As I step into the labyrinth, I say silently, “I let go of the old life and walk toward the new.”
I try to pace myself as I wind in circles. Just like the yellow lines on the road don’t really contain us—they just serve as a guide, but we obey them—I’m only guided by a line of stones. I could step over them at any time and cut to the middle, where a pop-up shrine of contributions is gathering mass. You can’t make out what’s in it until you get close up. But what’s my hurry? This is a meditation.
In my periphery, I hear this conversation:
Woman 1: We really have to move away from…uh…
Woman 2: Aloneness. We have to move away from aloneness.
On the way to the labyrinth, I passed three burly guys rocking on a porch, saying, “With the structure and manpower of a militia—our militia—we could instead build a humanitarian corps. We could go to Somalia and set up more refugee camps. We could plant food and feed all the starving people. There’s no reason famine like that should exist.”
Then my consciousness returns to the labyrinth. I try to be present in this time and place. I realize that healing centers attract people in pain—divorcees, troubled people, bleeding hearts. “Are you in any pain?” the place seems to ask. Am I in pain? I cry a little.
“Are you in any pain?” ask the moss-covered stairs leading up a steep slope to a pagoda dedicated to meditation. Outside is a koi pond with lilies so vibrant and waxy you doubt they are real, even as you reason they must be real because it’s Omega. The produce is all local, if not all organic.
I hammered on a bell that emitted a low, relaxing hum, and watched even the frogs meditate on wet stones. We got to see the resident flower arranger carefully bless a sunflower before replacing a red dahlia in a hanging vase. He moved from arrangement to arrangement, blowing on the flower petals, and fondling and fluffing them with great care. I felt like his guest and his audience.
“Are you in any pain?” ask the flowers. “Touch us and transfer your pain to us. We won’t wilt. Let our fragrance be aromatherapy. Our colors cheer you along your journey.”
“Are you in any pain?” asks the lake. “Come, cool your burning heart here. I am a fountain of youth. Laugh and splash. Remember summer camp. Swim now and sleep better later. Fall down without getting hurt. Float weightlessly for half an hour. Your body is a boat, or we have boats for you to drift in.”
So, on this balmy day, as rain threatened, I felt my cares melt and merge with the scenery; in the leaves, in the water, caught in the rain, my tears were camouflaged. Everybody smiling in the rain looked like they were crying and laughing at the same time.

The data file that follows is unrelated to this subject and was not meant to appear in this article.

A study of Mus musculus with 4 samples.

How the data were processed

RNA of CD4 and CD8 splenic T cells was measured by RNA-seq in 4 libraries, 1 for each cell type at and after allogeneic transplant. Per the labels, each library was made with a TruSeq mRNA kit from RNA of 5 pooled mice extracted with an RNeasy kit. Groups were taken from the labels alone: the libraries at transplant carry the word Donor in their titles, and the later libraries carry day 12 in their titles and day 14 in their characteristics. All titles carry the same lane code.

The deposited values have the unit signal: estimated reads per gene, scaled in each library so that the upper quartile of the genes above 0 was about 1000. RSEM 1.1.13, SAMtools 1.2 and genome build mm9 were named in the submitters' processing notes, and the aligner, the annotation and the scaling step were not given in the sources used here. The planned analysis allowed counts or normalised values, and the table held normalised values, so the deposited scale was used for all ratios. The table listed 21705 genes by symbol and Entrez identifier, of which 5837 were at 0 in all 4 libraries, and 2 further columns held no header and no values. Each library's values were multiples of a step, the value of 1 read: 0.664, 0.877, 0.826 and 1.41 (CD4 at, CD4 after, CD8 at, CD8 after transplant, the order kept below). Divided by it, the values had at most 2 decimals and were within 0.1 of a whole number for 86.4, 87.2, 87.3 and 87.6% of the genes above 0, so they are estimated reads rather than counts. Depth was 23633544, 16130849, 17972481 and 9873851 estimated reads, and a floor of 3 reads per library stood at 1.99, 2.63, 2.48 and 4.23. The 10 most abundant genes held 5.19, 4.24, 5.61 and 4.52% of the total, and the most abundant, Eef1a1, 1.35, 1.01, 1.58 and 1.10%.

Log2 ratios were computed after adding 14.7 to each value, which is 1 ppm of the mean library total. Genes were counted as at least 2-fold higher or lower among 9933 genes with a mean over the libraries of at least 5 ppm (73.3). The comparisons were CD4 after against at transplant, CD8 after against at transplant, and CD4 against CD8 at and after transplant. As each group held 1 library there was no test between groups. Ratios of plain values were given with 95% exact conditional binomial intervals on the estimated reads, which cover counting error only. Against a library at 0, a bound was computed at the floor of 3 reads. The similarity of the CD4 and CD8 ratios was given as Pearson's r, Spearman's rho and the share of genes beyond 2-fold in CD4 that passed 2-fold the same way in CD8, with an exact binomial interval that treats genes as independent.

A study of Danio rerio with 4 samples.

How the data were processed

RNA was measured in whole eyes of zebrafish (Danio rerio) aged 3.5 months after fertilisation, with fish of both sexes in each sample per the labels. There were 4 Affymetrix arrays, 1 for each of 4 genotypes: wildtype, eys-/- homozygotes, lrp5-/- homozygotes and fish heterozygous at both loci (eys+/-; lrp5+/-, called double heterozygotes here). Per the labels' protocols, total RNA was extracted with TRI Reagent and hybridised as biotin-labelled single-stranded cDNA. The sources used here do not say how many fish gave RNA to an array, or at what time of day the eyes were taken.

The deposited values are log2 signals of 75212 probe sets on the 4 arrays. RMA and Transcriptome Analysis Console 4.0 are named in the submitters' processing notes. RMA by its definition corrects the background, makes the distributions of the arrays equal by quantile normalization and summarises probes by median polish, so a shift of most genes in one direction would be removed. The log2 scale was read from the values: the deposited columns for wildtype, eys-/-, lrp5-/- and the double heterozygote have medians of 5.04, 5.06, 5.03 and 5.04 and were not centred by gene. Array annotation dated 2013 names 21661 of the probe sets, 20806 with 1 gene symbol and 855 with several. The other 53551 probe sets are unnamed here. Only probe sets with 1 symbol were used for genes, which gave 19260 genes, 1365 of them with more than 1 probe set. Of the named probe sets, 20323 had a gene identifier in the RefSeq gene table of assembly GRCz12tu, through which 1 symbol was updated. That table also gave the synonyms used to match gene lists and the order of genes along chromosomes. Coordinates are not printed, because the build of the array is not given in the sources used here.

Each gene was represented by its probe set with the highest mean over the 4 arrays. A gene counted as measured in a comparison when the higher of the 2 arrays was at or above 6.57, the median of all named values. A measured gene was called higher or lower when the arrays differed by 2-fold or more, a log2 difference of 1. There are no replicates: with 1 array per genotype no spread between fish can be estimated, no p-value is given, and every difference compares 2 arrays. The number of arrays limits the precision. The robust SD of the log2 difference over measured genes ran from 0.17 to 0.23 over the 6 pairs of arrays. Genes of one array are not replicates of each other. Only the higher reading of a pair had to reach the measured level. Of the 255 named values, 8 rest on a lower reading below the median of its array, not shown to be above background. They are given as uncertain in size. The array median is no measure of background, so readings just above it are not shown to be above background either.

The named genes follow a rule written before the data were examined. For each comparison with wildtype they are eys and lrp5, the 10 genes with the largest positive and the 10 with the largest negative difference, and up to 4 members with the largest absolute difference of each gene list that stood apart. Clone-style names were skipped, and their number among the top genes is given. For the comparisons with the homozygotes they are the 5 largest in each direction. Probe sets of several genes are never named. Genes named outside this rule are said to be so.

How many of us actually did cry today?
At the center of the labyrinth lay a pile of bric-a-brac: a lipstick; a page from a magazine; a beer bottle; a nail clipper; a prayer stone; a ponytail holder; some loose change; an orange; macramé bracelets, beaded necklaces, and a pair of army tags. I had absolutely nothing in my pockets to donate, so I picked some mushrooms and laid them on top. There’s a weird understanding that you don’t disturb this cairn of junk—visitors, in their questing states of mind, lay their contributions here with intentions we cannot guess, and which we respect nonetheless. That pocket knife; that seashell; that ballpoint pen represents someone’s sin or miscarriage or frightening memories cast off—like my mushrooms.
“Are you in any pain?” the labyrinth asks. “Gimme what you got. I’ll take what’s left at the bottom of your pocket, when you least expected to be asked for a token. It means something to me. It’s between us. Nobody has to know, but together these cast-off coins form a collection. In some minds, art.”
“Are you in any pain? Walk it off. Follow the stones, and stop worrying. You are safe. Life inside the labyrinth moves at a gentle pace. Amble or march. Walk barefoot and massage your feet on my wood chips. Take this one step at a time. Right now, you are fine. You are walking and you are breathing. What more could you ask? It’s a gift. Now, give something back. A piece of hair; an earring; a shoelace—what you wish to forget will be immortalized here on this shrine; so, you are not obliterating your problems, you are simply leaving them here.”
The labyrinth said a lot to me. Here are some photos.